Day old sturgeon caught in Lower Missouri River

Collected in the Lower Missouri River, this sturgeon larvae is estimated to be about one day old.

Biologists sampled a suspected pallid sturgeon spawning site approximately 4 miles up the James River from its confluence with the Missouri River in South Dakota on May 12 and 13.  Two days of sampling resulted in the collection of 84 larval paddlefish, but no Scaphirhynchus (pallid sturgeon or shovelnose sturgeon) larvae.  These paddlefish larvae were 7-9 millimeters (mm) long and estimated to be 1 day old.  While unable to completely disguise his disappointment, USGS Ecologist Aaron DeLonay commented positively, “Well, paddlefish spawn in the James River.  I guess we nailed that.”

Biologists sampled a suspected spawning site for larval sturgeon near Arrow Rock, Missouri, on the outside bend parallel to Lisbon Chute from May 20-24.  One Scaphirynchus larva was collected at river mile 215.9 in 14.8°C (58.6°F) water on May 20.  The larval sturgeon was 10.36 mm long and estimated to be a day old.  Eight paddlefish larvae were also caught on this bend.  These paddlefish were bigger than those caught in the James River (14-16mm) and estimated to be at least 5 days old.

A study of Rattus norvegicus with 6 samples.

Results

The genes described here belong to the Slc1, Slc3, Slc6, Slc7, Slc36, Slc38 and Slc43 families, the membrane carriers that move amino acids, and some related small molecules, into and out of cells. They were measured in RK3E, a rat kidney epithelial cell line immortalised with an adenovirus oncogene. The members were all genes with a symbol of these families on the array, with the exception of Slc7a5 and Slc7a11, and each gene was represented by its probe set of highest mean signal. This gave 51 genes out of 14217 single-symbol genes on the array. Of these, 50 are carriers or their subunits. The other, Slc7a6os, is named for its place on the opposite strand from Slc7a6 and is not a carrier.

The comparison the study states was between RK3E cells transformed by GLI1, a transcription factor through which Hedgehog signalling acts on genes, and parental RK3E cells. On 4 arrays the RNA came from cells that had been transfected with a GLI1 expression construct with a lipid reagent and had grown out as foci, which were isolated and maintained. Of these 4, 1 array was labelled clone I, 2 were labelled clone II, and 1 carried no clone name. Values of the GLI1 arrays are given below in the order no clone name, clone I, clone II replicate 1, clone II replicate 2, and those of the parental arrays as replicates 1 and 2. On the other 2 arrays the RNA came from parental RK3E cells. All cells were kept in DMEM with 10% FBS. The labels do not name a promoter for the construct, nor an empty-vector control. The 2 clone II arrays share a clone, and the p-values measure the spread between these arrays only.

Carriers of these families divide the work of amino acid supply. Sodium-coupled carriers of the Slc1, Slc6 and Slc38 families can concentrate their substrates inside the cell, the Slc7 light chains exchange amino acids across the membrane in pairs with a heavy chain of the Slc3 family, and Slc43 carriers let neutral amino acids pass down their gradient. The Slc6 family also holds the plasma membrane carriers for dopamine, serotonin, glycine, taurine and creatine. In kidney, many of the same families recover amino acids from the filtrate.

USGS employee Amy George uses a microscope and imaging software to measure larval Acipenseriformes collected in the Missouri River.

About Emily Pherigo

Emily is no longer with the Comprehensive Sturgeon Research Project. When she was here, she was a biologist contracted to the Comprehensive Sturgeon Research Project. Most of her time was spent at a computer performing QA/QC on data or updating figures and graphs most used by Aaron DeLonay. However, she occasionally made it to the river, where she enjoyed seeing pallid sturgeon and was reminded why she entered the natural resources field.